Refining the GIBS Roadmap
NASA’s Global Imagery Browse Services (GIBS) is currently under development as a visualization component of the Earth Observing System Data and Information System (EOSDIS), providing a visual analogue of NASA’s Earth Science data archives for a multitude of applications, including:
- Near real-time event monitoring
- Disaster response coordination
- Ingestion into geographic information systems
- Weather and climate studies
- Long-term trend analyses
- Data discovery
- A basis for engaging the public
GIBS consists of two primary software packages, OnEarth and The Image Exchange (TIE). OnEarth consists of a specialized image format and a set of Apache modules capable of serving full-resolution imagery with near-zero latency. TIE is the scalable image management and workflow backbone, responsible for ingesting and archiving source imagery and associated metadata. Together as GIBS, OnEarth and TIE are able to infuse imagery into the process of guiding users towards Earth Science products appropriate for their purposes, facilitating the steps typically undertaken to locate, evaluate, and download data.
GIBS development to this point has been predicated primarily upon baseline use cases generated from within the immediate NASA domain. However, maximizing the value of GIBS as it relates to the aforementioned set of applications requires active participation from the larger corresponding stakeholder community – the interconnected alliance of image producers, service consumers, and image consumers whom are categorized as follows:
- Image producers: Generally deliver source imagery to GIBS for ingestion and may or may not be involved with the actual image generation process, though typically they are cognizant over how the images they deliver were produced.
- Service consumers: Interact directly with the GIBS web service front end, directly requesting imagery through URLs adhering to WMTS or TWMS protocols. These requests are usually encapsulated within a web-based tool, such as the GIBS reference client, Worldview.
- Image consumers: Represent the end customer, one who uses the tools (built by service consumers) to view and assess the image layers within GIBS.
Often, stakeholders cross over into multiple categories. This classification is mutable - specific stakeholders may slide into or outside intersecting categories. GIBS represents the confluence of image producers, service consumers, and image consumers.
To engage this alliance, the GIBS team invites any and all interested members of the Earth Science community to learn about GIBS and help shape its evolving roadmap through the definition, review and evaluation of use cases and requirements. The ultimate goals of this effort are to synchronize GIBS with the needs of its stakeholders and to help GIBS efficiently navigate towards new opportunities for utilizing its rich and growing archive of imagery.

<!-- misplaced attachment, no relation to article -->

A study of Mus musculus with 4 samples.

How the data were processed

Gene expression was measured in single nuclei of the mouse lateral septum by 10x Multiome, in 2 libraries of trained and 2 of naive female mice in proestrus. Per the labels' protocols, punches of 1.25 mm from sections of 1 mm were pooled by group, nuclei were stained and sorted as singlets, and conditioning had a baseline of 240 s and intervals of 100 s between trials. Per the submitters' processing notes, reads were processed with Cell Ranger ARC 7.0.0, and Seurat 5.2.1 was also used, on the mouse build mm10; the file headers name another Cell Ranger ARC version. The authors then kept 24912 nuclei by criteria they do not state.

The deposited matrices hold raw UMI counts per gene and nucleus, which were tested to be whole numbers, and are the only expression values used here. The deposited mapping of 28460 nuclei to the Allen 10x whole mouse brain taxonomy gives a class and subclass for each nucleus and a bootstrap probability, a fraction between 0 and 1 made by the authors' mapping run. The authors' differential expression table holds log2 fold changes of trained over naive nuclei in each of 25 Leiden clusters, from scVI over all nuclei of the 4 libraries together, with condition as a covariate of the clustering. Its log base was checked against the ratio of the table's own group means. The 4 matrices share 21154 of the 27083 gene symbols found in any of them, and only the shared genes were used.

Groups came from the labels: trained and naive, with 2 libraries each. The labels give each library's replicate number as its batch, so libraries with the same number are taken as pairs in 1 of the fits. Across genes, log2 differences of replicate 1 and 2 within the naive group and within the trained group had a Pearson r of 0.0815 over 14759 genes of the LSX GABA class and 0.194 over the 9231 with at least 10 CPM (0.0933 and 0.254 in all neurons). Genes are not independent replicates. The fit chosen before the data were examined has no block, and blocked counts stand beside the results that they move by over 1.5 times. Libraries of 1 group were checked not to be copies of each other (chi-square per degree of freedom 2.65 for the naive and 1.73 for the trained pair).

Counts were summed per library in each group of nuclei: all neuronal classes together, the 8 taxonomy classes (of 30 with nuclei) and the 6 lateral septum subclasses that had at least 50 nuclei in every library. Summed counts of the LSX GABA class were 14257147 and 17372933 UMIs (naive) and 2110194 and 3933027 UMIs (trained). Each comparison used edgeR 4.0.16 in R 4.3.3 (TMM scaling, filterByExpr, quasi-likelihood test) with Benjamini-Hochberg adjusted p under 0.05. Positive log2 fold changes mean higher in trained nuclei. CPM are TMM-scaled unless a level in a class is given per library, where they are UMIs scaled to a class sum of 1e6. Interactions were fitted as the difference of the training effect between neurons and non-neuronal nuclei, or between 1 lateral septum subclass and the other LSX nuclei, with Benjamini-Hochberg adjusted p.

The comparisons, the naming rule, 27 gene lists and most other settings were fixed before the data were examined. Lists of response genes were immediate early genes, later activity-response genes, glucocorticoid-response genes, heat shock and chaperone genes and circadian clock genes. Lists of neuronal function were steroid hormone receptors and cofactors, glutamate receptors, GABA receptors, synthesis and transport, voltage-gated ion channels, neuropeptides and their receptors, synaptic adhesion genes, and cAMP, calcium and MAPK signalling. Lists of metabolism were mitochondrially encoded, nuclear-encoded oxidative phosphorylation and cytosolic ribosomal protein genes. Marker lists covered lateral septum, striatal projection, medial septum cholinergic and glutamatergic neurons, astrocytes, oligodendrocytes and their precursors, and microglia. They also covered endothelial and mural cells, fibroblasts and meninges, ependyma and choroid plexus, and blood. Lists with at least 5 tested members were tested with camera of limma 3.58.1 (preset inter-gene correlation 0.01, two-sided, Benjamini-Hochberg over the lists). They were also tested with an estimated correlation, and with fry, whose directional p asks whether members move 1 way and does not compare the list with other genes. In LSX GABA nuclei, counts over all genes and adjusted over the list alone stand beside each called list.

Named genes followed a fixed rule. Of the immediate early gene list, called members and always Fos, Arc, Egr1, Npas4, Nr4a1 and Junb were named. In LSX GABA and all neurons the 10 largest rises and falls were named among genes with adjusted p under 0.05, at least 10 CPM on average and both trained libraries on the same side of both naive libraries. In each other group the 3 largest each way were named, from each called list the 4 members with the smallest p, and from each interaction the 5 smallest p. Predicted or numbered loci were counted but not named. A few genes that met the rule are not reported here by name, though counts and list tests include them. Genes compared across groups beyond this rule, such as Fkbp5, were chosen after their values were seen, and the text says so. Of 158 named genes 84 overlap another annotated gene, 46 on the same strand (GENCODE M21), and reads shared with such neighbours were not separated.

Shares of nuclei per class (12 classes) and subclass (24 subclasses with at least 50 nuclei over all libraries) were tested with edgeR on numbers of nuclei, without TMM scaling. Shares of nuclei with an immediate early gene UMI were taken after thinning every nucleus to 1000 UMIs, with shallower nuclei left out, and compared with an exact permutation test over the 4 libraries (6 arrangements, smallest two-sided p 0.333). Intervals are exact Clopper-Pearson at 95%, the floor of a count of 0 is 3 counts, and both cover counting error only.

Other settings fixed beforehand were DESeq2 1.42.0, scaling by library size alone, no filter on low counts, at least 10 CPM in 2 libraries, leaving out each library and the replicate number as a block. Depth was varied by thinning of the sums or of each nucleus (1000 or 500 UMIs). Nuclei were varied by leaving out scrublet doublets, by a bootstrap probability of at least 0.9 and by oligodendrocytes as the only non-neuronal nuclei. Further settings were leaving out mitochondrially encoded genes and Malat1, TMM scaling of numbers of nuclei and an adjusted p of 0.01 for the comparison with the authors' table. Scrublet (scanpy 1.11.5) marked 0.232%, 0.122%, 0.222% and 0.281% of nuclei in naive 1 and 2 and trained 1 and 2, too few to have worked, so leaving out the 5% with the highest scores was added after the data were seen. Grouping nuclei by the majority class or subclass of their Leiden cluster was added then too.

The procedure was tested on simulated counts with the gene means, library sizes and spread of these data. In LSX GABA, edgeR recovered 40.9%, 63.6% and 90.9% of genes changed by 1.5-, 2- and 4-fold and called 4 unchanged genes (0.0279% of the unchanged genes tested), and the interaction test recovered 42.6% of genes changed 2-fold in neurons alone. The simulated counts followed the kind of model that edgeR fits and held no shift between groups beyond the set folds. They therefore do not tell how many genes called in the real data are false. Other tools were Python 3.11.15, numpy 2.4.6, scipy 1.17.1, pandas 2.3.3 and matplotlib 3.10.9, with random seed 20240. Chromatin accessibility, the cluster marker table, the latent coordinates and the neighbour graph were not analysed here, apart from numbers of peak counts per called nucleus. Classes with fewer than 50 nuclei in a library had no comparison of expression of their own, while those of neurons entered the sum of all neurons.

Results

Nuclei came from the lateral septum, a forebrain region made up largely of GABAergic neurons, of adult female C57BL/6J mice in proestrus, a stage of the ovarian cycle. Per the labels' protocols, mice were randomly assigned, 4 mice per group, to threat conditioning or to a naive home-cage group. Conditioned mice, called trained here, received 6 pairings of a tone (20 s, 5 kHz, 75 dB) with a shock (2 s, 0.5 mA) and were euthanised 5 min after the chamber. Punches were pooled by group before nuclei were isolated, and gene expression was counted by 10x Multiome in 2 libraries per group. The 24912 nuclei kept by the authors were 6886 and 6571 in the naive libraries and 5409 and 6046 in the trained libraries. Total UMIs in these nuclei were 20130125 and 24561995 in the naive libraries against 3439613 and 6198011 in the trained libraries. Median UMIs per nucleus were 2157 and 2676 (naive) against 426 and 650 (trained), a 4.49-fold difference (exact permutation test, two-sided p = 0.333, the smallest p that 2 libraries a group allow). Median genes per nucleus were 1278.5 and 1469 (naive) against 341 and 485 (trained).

This proposed session begins with a brief overview of the GIBS system to highlight some of its key features and to provide context for further discussion. Current web interfaces and mapping tools utilizing GIBS will be demonstrated as part of this introduction. Next, attendees will separate into subgroups and focus their discussions on topics apropos to the stakeholders within each subgroup. These discussions are intended to help answer underlying questions applicable across stakeholder types that will shape the future direction of GIBS and form the basis for establishing use cases. These questions include:
Are you clear as to what GIBS is?
- If no, what type of information about GIBS would help your understanding?
Do you have any need for an image service such as GIBS?
- If no, why?
- If yes, can you describe your need?
Would you be able to use GIBS as it is?
- If no, what functionality would have to change or be added for you to consider using it?
- If yes, do you have an application in mind?
As an [image producer, service consumer, image consumer], do you understand how you would interface with GIBS?Do you use other visualization tools or services?
- If yes, what are they? What is their function? How do you interact with them?
Each group will informally report their findings and a general discussion will follow.
Anyone with a vested interest or inherent connection with Earth Science data products is encouraged to attend.